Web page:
That said, their dominance, predicated on suffocating defense and incredible length at all positions, highlights the sports greatest shortcoming as much, if not more than its greatest teams biggest strength.
According to a Sports Illustrated piece by the brilliant Seth Davis, through the games played on February 22nd, teams were averaging a despicable 67.1 points per game, which is the lowest since 1952! Furthermore, this is not a recent phenomenon, the article, which can be read in its entirety here, goes on to state that offensive output in college basketball has declined 13-times and gone up only twice year-over-year since 2000. Put into context that means that a sophomore in high school who has grown up a sports fan has known nothing but a game that has gotten slower and slower year-after-year for his entire life, while the world around him go faster and faster.
This brings us to the Wildcats, and why it is incredibly likely they will cut down the nets in Indy. Aside from the fact that they are clearly the best team, the style in which they play coupled with the offensive dearth present around the country creates the type of perfect storm that an astute prognosticator would find hard to pick against. This is bore out in the latest futures line as reported here by CBS Sports. Kentucky is listed at 5/6 to win the national title. The second best odds of the final four are given to Duke at a distant 7/2!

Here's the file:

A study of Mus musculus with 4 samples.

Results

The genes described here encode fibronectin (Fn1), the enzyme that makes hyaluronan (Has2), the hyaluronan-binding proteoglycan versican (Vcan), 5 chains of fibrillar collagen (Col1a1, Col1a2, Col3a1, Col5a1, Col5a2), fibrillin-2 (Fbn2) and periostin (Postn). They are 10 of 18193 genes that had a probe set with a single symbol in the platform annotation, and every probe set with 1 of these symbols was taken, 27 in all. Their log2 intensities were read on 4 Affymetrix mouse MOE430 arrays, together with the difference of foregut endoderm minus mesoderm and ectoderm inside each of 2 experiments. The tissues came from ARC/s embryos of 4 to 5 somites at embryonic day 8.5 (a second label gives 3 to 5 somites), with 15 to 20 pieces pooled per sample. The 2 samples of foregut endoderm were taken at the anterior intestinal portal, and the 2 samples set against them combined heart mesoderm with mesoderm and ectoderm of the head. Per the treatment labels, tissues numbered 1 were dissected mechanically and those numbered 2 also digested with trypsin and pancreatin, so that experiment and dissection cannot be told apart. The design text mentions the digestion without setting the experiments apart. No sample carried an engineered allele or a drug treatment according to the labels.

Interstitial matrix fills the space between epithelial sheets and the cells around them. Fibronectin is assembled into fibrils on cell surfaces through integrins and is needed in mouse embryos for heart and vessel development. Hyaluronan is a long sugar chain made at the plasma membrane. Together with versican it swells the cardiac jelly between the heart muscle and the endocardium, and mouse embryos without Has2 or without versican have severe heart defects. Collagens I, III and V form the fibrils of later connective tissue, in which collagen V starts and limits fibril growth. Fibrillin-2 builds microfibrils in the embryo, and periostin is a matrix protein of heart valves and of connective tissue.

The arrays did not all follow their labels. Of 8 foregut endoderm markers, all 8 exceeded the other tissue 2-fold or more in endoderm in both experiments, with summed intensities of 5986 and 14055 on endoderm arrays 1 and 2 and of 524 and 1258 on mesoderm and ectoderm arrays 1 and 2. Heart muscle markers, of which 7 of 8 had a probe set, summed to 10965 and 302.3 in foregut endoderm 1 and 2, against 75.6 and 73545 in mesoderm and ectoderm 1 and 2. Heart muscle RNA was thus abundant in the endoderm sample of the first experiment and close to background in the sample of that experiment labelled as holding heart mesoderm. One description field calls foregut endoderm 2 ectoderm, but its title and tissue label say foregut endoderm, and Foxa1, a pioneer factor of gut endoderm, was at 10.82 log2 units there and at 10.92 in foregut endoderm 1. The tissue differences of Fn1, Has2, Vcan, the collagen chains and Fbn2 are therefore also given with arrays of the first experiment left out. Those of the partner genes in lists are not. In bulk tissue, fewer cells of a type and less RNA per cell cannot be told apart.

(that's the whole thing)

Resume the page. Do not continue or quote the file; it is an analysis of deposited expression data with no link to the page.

Despite the overarching offensive woes of the college game, should the Wildcats finish it off and win the title with a 40-0 record, they will not only become the first team since 1976 to win a national title in an undefeated season, but they will also become the first team in history men's or women's to go 40-0. They have already set the undefeated win total in the men's game at their current mark of 38-0.
Kentucky also features the most likely #1 overall pick in this upcoming NBA draft, (Karl-Anthony Towns) and what may be the best defensive player the college game has seen in a long time, Willie Cauley-Stein. Pair those two dynamic frontcourt players with the Harrison twins, and a host of other athletic, rangy two-way players and you begin to understand why this team has been so successful.
So the question becomes, where does Kentucky rank among the pantheon of the greatest teams in the history of college basketball? Do they have to go 40-0 to earn entry into that club? Or perhaps have they already done so?